Attorneys for retired Arizona Sheriff Joe Arpaio are “highly optimistic” the lawman will get a favorable verdict in the Obama DOJ-carryover case against him. Arpaio has been charged with misdemeanor contempt of court for turning over illegal aliens who had been arrested by his department to federal immigration authorities—one of the key things that got him repeatedly re-elected by the people of a county that borders Mexico and appreciated his work.
By Mark Anderson
PHOENIX, Ariz.—Mark Goldman, one of the attorneys for former Sheriff Joe Arpaio in the veteran lawman’s criminal trial that just wrapped up in Arizona, says he’s highly optimistic that Arpaio will not be convicted, because the three essential conditions under which he could be found guilty of a misdemeanor “contempt of court” charge were not met in court.
“We feel very happy,” Goldman told this AFP writer July 7, the day after closing arguments were heard in this widely watched case. The trial, initially expected to last at least eight days, ended up with only four days of testimony in late June, plus closing arguments on July 6.
Goldman feels good about the case because federal prosecutors evidently didn’t come close to proving even the first of those three conditions, let alone the other two.
The first condition is that a 2011 federal court injunction—purportedly issued to try to stop Arpaio from apprehending illegal aliens—must have been “clear and definite” in its meaning. While Arpaio is accused of contempt of court for allegedly defying the injunction, it appears the injunction was worded too vaguely for federal prosecutors to have a clear shot at winning their case against the popular lawman.
During Arpaio’s time as Maricopa County sheriff, the former Drug Enforcement Agency officer’s deputies would turn over apprehended illegal aliens to the federal government for processing, due to serious concerns in the densely populated county—just a few miles from the border—about drug-running, human trafficking, and other crimes fostered by U.S. open-borders policies and attitudes.
In federal district court in Phoenix, Judge Susan Bolton “picked up on the fact that the [injunction] was anything but clear and definite,” Goldman summarized. He stressed that, since testimony from both sides revealed that the 40-page injunction failed to be clear and definite, then the other two conditions that the prosecution trotted out could not realistically be met.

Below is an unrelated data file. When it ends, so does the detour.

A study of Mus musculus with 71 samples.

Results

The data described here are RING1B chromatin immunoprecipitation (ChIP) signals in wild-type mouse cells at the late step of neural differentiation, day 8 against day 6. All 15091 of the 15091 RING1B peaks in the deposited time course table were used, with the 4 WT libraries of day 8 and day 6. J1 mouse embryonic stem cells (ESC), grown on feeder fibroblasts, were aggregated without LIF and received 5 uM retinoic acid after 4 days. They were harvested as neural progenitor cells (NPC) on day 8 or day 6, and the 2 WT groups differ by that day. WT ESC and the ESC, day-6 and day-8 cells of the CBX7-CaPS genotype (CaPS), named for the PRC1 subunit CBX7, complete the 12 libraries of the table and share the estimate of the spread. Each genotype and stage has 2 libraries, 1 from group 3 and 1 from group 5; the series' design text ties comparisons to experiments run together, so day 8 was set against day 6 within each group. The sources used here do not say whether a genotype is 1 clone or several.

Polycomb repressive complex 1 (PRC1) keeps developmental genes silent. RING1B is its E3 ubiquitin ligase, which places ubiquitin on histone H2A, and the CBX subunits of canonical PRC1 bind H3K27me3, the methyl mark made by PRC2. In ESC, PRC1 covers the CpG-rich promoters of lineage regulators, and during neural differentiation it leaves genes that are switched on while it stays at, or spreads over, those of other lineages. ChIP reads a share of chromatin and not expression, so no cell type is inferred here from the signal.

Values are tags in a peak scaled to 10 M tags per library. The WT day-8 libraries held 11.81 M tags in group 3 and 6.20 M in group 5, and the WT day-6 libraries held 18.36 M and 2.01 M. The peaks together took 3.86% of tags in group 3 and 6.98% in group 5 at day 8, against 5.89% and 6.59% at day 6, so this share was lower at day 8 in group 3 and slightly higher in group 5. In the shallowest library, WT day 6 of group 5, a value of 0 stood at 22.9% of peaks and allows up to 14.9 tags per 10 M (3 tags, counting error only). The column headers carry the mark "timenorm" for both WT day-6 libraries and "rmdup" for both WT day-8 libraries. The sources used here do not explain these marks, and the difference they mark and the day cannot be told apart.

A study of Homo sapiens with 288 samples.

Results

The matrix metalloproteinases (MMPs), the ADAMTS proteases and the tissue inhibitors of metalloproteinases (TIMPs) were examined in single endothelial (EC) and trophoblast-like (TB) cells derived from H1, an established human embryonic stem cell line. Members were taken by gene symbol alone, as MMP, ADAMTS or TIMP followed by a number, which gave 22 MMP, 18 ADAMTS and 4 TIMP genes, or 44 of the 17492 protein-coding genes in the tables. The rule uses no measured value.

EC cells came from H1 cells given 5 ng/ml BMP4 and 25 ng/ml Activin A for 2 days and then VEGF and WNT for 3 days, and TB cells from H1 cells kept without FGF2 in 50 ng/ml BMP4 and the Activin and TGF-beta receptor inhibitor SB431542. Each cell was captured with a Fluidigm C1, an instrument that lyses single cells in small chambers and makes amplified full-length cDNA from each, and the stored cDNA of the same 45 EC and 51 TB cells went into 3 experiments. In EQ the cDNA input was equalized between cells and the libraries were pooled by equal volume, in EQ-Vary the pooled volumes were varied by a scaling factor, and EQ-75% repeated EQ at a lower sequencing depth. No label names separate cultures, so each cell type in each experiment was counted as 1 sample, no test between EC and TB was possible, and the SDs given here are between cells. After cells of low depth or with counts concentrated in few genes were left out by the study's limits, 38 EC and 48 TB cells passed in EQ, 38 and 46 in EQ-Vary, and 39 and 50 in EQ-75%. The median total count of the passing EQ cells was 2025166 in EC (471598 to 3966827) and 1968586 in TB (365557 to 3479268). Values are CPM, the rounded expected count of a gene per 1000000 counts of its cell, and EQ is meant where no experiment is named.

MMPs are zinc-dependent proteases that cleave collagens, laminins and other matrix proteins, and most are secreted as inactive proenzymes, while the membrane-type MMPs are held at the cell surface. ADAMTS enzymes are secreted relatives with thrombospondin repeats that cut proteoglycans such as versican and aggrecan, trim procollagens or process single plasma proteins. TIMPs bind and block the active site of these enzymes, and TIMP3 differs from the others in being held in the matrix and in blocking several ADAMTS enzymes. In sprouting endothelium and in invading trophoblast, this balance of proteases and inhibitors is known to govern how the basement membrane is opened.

Those other conditions were that Arpaio was aware of the injunction’s details and that he knowingly and willfully violated the injunction.
“No one who testified understood [the injunction’s meaning] when it was issued,” Goldman told American Free Press .
He said that the apparent clincher came when the star witness of the Department of Justice, Tim Casey—Arpaio’s former attorney, who evidently turned against Arpaio—admitted during cross-examination that the injunction was not clear and definite. “To me, that’s enough to make this whole case go away . . . so Joe’s feeling pretty good at this point,” Goldman said.
Arpaio himself was not yet at liberty to directly speak with AFP, pending the judge’s decision.
Also according to Goldman, Joe Sousa, who was Arpaio’s lieutenant for the human-smuggling unit at the sheriff’s department, testified for the defense that, with Casey serving as Arpaio’s attorney at the time, never once did Casey inform Sousa or the department that they may have incorrectly interpreted the injunction when going about their job of apprehending those found to be illegal aliens during standard law enforcement, which the feds have constantly labeled as “racial profiling.”
Casey had free access to the smuggling unit, and it would have been his job to know of or discover a possible injunction violation and communicate his views to the sheriff’s department, Goldman added.
“Joe never interfered. And he had Casey as an attorney to instruct [Joe’s] subordinates on how to interpret the injunction,” Goldman said.
Since Arpaio was unable to secure a jury trial, Judge Bolton will decide the matter. That won’t happen until July 21 or later, however, the date that attorneys for both sides were asked to submit briefs on “applicable law” to aid the judge in deciding this case.
Prosecutors have maintained that Arpaio intentionally and defiantly prolonged patrols to apprehend illegal aliens for 17 months after the injunction was issued. But as July 21 approaches, it appears that this narrative is part of an effort by the Justice Department, in a carryover from the Obama administration, to conduct a political hit against Arpaio.
That view is widely held, because the misdemeanor lawsuit, filed just days before the last sheriff’s election in November 2016, helped unseat Arpaio in his re-election bid.
Arpaio’s backers say that the case vividly illustrates one key way that left-leaning politicians and their cohorts in the courts, major media, and elsewhere go about discrediting concerted, effective efforts to secure America’s borders.
Mark Anderson is a longtime newsman now working as the roving editor for AFP. Email him at firstname.lastname@example.org.